MADISON — Student enrollment in Wisconsin’s three private school parental choice programs showed a one-year increase of about 8.7 percent. The Department of Public Instruction uses enrollment numbers to calculate public school district aid deductions related to these voucher programs.
Enrollment in the Wisconsin, Racine, and Milwaukee programs is determined by student counts taken on the third Friday in September and may change through the audit process. Across the three programs, 39,381 students received a voucher to attend one of the 279 participating private schools. This is an increase of 3,164 students and 43 schools compared to the prior school year. Full-time-equivalent (FTE) enrollment is 38,186.6 students, an increase of 3,037.5 FTE from 2017‑18. In most cases, one student counts as one FTE. However, in certain cases, the FTE can be less. For example, depending on services provided, a 4-year-old kindergarten (K4) student may be counted as 0.5 FTE or 0.6 FTE.
For the 2018-19 school year, voucher payments are $7,754 per FTE in grades kindergarten through eight and $8,400 per FTE for students enrolled in grades nine through 12. The cost of the three programs combined is estimated at $302 million for the 2018-19 school year, which is an increase of about $33 million (12.3 percent) from the prior year.
Wisconsin Parental Choice Program
For the Wisconsin Parental Choice Program (WPCP), vouchers will be paid for 7,140 students (6,878.2 FTE) attending 213 private schools participating in the program. To be eligible, students must live in Wisconsin, but not in the city of Milwaukee or Racine Unified School District. New student eligibility also is based on prior year school attendance and family income. Student eligibility is reviewed by independent auditors per state law, so enrollment numbers are subject to change. Enrollment in the WPCP in 2018-19 from a single public school district is limited to 3 percent of the school district’s membership. That percentage increases by 1 percent each year until 2025-26 when the limit will be 10 percent of public school district membership. After that, the cap is removed.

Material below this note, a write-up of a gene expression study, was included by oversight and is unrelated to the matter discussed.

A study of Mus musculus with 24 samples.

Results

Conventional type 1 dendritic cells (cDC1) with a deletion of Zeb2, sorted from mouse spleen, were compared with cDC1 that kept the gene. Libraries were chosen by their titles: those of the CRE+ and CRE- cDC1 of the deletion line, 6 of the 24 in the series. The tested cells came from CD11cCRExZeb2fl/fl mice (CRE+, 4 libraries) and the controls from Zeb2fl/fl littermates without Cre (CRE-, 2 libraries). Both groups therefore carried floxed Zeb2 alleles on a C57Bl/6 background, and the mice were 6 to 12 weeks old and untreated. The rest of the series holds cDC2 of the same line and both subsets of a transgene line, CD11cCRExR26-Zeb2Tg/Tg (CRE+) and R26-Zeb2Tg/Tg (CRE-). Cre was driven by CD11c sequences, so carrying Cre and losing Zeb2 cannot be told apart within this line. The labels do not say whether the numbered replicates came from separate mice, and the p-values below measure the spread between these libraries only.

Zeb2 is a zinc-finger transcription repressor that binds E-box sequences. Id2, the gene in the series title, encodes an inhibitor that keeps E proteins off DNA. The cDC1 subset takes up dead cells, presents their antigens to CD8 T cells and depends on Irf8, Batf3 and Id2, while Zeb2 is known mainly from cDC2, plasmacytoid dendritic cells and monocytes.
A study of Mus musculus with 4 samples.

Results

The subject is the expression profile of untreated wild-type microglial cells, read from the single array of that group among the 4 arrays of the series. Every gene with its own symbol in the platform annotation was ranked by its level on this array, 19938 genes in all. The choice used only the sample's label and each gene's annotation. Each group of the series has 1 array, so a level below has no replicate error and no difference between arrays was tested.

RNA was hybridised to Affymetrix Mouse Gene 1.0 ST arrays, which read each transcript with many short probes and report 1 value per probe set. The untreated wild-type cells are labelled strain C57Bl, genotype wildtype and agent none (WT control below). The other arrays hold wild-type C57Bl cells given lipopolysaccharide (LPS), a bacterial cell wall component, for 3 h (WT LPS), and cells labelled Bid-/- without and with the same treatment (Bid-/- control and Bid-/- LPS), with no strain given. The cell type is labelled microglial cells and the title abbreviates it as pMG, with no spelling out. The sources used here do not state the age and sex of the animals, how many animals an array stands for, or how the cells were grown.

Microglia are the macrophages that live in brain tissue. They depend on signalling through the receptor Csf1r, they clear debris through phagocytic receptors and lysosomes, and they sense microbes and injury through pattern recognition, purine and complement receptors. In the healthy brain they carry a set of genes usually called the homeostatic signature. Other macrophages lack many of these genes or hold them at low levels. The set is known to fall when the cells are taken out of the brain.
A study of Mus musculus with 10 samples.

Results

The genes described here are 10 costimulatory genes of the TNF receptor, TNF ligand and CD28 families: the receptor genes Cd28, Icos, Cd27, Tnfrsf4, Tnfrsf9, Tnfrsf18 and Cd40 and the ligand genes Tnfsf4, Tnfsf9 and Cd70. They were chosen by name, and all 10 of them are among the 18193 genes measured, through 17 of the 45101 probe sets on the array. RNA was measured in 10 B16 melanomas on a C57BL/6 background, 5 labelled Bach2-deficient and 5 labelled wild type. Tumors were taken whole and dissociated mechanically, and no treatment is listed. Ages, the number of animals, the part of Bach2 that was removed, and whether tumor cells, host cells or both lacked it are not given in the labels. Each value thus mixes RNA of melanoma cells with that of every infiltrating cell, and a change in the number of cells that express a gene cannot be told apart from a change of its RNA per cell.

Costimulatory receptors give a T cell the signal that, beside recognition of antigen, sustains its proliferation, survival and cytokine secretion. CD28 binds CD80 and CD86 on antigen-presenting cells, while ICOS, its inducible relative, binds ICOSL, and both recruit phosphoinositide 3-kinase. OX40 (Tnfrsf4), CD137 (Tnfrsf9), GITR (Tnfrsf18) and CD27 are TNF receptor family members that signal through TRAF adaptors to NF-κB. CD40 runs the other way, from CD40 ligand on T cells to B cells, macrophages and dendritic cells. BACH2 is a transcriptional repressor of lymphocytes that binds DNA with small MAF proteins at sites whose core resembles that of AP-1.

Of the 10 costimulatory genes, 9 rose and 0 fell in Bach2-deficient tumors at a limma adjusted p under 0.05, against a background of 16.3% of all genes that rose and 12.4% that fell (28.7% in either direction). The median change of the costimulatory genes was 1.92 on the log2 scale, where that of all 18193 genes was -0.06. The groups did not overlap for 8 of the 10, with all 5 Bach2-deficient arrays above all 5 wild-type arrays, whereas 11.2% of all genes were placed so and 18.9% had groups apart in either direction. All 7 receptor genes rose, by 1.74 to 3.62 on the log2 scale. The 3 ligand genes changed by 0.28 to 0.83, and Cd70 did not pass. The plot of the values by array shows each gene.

The statewide private school choice program is paid for in two ways. General purpose revenue (GPR) pays for students who first participated in the program prior to 2015‑16 on a sum sufficient basis. Incoming pupils, those who first participated in the 2015-16 school year or after, are paid for through a deduction in state general aid from the public school district where the student resides.
Incoming pupils in the WPCP are included in the resident public school district’s membership for state general aid purposes, but the district may not levy to backfill the aid reduction. The district instead receives a non-recurring revenue limit exemption, which the school board may include when setting its 2018-19 school taxes. The exemption is equal to a given district’s reduction in aid.
Racine Parental Choice Program
The Racine Parental Choice Program (RPCP) enrolled 3,324 students (3,241.6 FTE) in 26 participating private schools for the 2018-19 school year. Funding mechanics and student eligibility are similar to the WPCP with two main exceptions: a student must live within the bounds of the Racine Unified School District and the income limits for the RPCP are 300 percent of the federal poverty level rather than 220 percent for the WPCP.
Milwaukee Parental Choice Program
In the Milwaukee Parental Choice Program (MPCP), 28,917 students (28,066.8 FTE) enrolled in 129 participating private schools for the 2018-19 school year. Students are eligible for the MPCP if they live within city of Milwaukee boundaries and meet family income limits of 300 percent of the federal poverty level ($73,800 for a family of four or $80,800 for a student whose parents or legal guardians are married).
For 2018-19, general purpose revenue (GPR) pays for the majority of the MPCP, with state tax dollars covering 80.8 percent of costs. The balance of this school year’s program costs, 19.2 percent, is paid through a deduction in state general aid that would otherwise be paid to Milwaukee Public Schools (MPS). Under provisions of 2013 Wisconsin Act 20, the 2013‑15 state budget, MPS aid deductions for the MPCP program decrease by 3.2 percent each year until GPR dollars pay the full cost of the Milwaukee choice program.
The MPCP, which began in 1990 with seven schools and 341 students (337.0 FTE), is the nation’s oldest voucher program.
NOTE: More information about the Wisconsin, Racine, and Milwaukee Parental Choice programs, including a list of all private schools participating and their enrollment and financial impacts, can be found on the department's Private School Choice Programs: Data and Reports webpage.